06 February 2009
The past couple of weeks have been filled with connections in literature and discussion. It’s driving me a bit crazy because there’s no time to sort them out, write them down, make more than vaguely intuitive sense of them.
So I’m recording impressions today, just for fun (or, more likely and more seriously, for sanity).
Elocution: I’m teaching Charles Williams’ Descent into Hell in freshman comp this semester. The action (if it can be called that) takes place within the scope of a play production, a pastoral comedy written by the eminent poet-dramatist Peter Stanhope. The leader of the chorus, Pauline, is working on her lines one day and enters a discussion with her grandmother, Margaret, who notes in passing that the play’s producer, Mrs. Parry, has always thought a little too much of elocution and not enough of the poetry itself. She goes on, with infinite kindness, to also note that Pauline has been rather like this in her relation to Margaret: more concerned with the outward care of duty, of appearance, than the give-and-take of Love. Pauline, duly rebuked, finds this a help along her way to understanding and living in Love.
Then we read the “Night” section in Goethe's Faust for World Lit 2. And lo and behold, here is Wagner, Faust’s student, prating on about the importance of elocution to public speaking – if one speaks with the right tones and gestures, one will be effective. Faust decries this: what is needed for effective persuasion, he says, is to speak from the heart, not to study form. I am not sure, however, that his understanding and advice is really the same as Margaret’s – I want to bring them together and explore the similarity and what may be some key difference in the ideas.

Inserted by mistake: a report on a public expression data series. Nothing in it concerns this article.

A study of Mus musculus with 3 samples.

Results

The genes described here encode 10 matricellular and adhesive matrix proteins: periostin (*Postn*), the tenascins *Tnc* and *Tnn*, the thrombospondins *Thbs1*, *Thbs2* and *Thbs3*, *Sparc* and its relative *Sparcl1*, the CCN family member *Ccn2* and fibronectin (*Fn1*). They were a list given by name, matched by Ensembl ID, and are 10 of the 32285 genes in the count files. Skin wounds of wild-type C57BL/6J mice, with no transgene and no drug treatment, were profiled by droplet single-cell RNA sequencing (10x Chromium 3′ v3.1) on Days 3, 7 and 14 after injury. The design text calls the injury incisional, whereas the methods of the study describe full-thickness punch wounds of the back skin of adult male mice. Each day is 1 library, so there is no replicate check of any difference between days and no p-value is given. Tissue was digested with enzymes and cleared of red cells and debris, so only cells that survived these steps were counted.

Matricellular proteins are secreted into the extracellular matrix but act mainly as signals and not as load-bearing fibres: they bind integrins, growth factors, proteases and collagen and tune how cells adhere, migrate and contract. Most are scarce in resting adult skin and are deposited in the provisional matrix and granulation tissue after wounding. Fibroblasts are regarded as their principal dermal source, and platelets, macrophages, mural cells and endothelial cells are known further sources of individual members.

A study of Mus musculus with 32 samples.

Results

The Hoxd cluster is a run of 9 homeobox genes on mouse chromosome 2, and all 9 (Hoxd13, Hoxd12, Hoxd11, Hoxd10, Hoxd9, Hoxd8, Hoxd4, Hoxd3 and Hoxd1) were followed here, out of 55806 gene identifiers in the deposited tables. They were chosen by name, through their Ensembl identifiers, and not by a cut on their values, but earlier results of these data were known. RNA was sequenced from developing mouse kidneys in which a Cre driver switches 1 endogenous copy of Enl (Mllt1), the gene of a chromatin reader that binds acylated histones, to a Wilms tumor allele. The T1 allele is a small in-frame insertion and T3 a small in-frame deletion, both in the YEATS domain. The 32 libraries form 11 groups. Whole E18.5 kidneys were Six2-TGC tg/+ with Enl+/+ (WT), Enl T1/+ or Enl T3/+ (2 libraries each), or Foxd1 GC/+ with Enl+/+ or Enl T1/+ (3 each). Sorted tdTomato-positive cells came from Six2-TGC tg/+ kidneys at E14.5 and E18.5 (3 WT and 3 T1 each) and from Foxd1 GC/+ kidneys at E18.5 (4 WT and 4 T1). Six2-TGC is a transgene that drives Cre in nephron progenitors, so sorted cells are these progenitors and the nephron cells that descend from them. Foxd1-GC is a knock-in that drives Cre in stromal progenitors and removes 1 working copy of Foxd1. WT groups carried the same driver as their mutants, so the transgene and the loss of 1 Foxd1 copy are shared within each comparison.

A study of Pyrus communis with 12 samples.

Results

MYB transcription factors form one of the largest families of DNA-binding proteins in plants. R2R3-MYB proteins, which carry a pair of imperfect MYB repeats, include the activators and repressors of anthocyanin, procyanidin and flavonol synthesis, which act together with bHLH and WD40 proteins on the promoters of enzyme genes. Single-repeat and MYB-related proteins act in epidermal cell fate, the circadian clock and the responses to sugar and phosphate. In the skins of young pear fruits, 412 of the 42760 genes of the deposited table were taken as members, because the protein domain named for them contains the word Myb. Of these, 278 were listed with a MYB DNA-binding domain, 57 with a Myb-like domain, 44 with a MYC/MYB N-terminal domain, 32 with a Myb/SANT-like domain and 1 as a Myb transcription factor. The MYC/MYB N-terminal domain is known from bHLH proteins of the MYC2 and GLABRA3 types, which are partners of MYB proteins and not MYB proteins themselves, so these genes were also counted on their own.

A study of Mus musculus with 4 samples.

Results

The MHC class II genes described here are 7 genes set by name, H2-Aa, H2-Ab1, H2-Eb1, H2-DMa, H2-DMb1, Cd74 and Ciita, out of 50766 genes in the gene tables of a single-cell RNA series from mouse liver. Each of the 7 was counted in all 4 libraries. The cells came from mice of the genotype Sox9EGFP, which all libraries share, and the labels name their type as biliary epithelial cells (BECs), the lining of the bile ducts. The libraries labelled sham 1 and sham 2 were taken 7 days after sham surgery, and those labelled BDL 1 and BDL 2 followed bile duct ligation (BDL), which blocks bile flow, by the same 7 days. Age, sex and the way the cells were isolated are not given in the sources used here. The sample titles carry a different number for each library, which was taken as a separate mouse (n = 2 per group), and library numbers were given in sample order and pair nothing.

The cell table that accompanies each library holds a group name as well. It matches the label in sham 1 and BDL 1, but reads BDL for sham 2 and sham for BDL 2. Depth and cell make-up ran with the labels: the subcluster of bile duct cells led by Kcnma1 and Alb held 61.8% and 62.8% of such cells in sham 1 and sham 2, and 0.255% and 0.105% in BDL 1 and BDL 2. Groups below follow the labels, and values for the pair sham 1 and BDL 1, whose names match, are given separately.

Negation: This has been cropping up everywhere, it seems. We read Katherine Anne Porter’s short story “Flowering Judas” in Intro to Lit recently; the main character, Laura, lives by negation – saying “no” to every possibility for life and love. This negation leads her, she seems to know, to be as cruel as the socialist/Marxist revolutionaries she works alongside, yet she cannot bring herself to say “yes” to any hopeful possibility.
We also read Ernest Hemingway’s “Hills Like White Elephants” in that class, another tale of negation. The man wants only to have his footloose, fancy-free life without responsibility; the girl, it appears, finally gives in to him, choosing the death of her unborn child, still intangible to her, to keep the tangible security of his presence – yet knowing, even as she chooses, that this too will be another death.
And Descent is a story of negation. Wentworth is given the opportunity to choose love, again and again, and each time he refuses, despising everyone and everything that keeps him from being the one in the limelight. I would, again, like to look at these and other pieces I’ve been reading to find the connecting threads.
The serpent in Eden: This one’s been cropping up all of a sudden, too – the Cupid and Psyche myth, Lily Sammile in Descent, somewhere else recently that refuses to come to my exhausted mind on this Friday evening at the end of another lovely but tiring week.
Connections. I’ve always looked for them; they are everywhere in literature. But somehow these are haunting me just now, and I hope to find out why soon.